SEEK <exp> | <exp list>
The expression to search for in an index for a DBF table.
One or more expressions, separated by commas, to search for in a simple or composite key index for non-DBF tables.
dBASE Plus can search a table for specific information either by a sequential search of a table or by an indexed search of the table's master index. A sequential search is similar to looking for information in a book by reading the first page, then the second, and so on, until the information is found or all pages have been read. LOCATE uses this method, checking each record until the information is found or the last record has been inspected.
An indexed search is similar to looking up a topic in a book index and turning directly to the appropriate page. Once a table index is created, SEEK can use this index to quickly identify the appropriate record.
SEEK looks for the first match in the index. If a match is found, the record pointer of the associated table is positioned at the record containing the match, and FOUND(†) returns true.
Use SKIP to access other records whose key fields match the index key fields or expression. SKIP advances the record pointer one record; because of the indexed order, other matches immediately follow the first. However, SKIP after SEEK (unlike CONTINUE after LOCATE) doesn't search for a match; it moves the record pointer one record whether or not it finds a match. You can combine SEEK and LOCATE or SEEK and SCAN (both with the WHILE clause) to do a quick indexed search for the first matching record before looking through or processing all the other matches.
The SET NEAR setting determines whether dBASE Plus, after an unsuccessful SEEK, positions the record pointer at the end-of-file or at the record in the indexed table immediately after the position at which the value searched for would have been found. If SET NEAR is OFF (the default) and SEEK is unsuccessful, EOF(†) returns true and FOUND(†) returns false. If SET NEAR is ON and SEEK is unsuccessful, EOF(†) returns false (unless the position at which the sought value would have been found is the last record in the index), and FOUND(†) returns false.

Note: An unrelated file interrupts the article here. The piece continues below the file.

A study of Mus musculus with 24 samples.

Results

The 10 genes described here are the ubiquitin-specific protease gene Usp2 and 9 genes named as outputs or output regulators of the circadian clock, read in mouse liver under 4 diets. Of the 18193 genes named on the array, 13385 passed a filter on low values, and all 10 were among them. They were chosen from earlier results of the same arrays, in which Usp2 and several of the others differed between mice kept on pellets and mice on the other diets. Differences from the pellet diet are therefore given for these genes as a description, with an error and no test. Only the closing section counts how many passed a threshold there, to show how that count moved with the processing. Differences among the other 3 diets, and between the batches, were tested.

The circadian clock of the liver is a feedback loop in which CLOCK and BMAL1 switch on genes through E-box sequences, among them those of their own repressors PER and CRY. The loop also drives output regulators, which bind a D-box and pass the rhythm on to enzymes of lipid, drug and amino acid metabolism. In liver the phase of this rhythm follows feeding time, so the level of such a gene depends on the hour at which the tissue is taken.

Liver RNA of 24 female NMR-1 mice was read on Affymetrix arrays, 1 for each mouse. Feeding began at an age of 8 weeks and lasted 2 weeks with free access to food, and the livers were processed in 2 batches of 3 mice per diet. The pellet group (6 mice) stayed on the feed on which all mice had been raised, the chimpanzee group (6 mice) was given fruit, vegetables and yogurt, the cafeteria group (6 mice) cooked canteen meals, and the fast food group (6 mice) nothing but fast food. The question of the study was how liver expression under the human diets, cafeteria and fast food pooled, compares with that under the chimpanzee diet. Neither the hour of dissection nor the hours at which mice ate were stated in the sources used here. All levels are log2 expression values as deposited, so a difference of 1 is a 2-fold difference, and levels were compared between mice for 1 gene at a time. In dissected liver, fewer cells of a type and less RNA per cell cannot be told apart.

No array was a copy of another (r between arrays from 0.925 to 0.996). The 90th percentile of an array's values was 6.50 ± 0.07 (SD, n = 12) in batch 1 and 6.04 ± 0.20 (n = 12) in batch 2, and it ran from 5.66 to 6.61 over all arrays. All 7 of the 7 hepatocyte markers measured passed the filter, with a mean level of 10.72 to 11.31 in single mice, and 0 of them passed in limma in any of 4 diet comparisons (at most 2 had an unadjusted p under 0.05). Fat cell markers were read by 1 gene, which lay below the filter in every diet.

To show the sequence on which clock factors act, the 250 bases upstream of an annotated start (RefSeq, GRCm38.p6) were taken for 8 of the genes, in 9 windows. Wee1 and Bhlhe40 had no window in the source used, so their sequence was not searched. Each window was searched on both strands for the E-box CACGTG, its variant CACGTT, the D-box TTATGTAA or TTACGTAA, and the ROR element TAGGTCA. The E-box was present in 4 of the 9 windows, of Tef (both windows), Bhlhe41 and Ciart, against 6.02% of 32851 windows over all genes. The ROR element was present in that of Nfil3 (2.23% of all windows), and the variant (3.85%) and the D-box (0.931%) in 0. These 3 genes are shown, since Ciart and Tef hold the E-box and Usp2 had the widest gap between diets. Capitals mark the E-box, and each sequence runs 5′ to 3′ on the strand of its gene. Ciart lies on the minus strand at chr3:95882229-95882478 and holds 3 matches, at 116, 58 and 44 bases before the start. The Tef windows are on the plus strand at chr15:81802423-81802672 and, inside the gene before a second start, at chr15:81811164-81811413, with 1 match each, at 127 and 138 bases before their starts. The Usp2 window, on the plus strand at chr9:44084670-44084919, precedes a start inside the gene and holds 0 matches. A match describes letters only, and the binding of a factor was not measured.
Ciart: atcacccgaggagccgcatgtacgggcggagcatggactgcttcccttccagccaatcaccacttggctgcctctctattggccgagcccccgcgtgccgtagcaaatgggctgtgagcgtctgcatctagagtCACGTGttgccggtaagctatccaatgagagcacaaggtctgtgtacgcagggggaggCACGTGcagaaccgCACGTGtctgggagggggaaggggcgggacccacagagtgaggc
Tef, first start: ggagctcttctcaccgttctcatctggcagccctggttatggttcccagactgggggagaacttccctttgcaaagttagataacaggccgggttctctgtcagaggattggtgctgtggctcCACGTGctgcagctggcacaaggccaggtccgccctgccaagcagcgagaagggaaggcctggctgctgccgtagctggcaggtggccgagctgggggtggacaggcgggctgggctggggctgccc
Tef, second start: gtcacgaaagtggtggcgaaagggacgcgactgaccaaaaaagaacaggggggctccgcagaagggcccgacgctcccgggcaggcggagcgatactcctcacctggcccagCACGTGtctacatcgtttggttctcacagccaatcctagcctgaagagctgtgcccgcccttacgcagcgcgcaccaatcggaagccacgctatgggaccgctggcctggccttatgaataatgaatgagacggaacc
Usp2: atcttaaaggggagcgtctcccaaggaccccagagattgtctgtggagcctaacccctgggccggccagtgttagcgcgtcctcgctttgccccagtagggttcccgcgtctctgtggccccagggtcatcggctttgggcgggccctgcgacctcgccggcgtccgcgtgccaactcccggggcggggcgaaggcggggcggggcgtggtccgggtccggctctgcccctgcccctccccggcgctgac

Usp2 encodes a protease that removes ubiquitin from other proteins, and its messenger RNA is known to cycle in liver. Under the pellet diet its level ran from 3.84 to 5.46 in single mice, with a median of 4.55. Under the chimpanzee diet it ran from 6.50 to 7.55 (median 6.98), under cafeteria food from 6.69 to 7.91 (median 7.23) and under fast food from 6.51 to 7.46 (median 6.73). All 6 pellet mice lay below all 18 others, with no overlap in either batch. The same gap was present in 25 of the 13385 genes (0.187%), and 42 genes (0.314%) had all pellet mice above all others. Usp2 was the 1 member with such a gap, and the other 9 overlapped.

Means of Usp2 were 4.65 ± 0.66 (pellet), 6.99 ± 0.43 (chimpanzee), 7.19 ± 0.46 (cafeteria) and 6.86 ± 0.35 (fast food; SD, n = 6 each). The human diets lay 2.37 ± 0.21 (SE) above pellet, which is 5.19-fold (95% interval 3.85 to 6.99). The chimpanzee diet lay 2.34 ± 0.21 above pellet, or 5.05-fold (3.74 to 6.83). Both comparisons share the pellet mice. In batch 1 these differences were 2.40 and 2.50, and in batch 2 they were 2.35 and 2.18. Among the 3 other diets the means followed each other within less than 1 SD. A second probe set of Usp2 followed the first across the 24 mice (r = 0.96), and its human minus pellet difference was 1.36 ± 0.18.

The expression you look for with SEEK must match the key expression or fields of the master index. For example, if the master index key uses UPPER(†), the search expression must also be in uppercase.
For tables that support composite key indexes based on multiple fields, specify a value for each field in the composite key, separated by commas.
When you seek a key expression of type character, the rules established by SET EXACT determine if a match exists. If SET EXACT is OFF (the default) only the beginning characters of the key field need to be used for SEEK to find a match. For example, if SET EXACT is OFF, SEEK "S" will find "Sanders", or whatever the first key value is that starts with "S". If SET EXACT is ON, the expression must be identical to the key field for a match to exist.
SEEK and LOCATE each have their own advantages. SEEK conducts the most rapid searches; however, it requires an indexed table and can search only for values of the key expression.
If the information for which you are searching is in an unindexed table or is not contained in the key fields of an index, you can use LOCATE. LOCATE accepts any logical condition, which can specify any fields in the table in any combination. For large tables, however, a sequential search using LOCATE can be slow. In such cases, you might want to use INDEX to create a new index and then use SEEK or SEEK(†).
The SEEK(†) function works like SEEK followed by FOUND(†), except that SEEK searches in the current work area, while SEEK(†) can search in the current or a specified work area. However, SEEK(†) can only search for a single expression; it does not support composite keys based on multiple fields. SEEK(†) returns true or false depending on whether the search is successful.
Use the Rowset objectís findKey(†) or findKeyNearest(†) methods.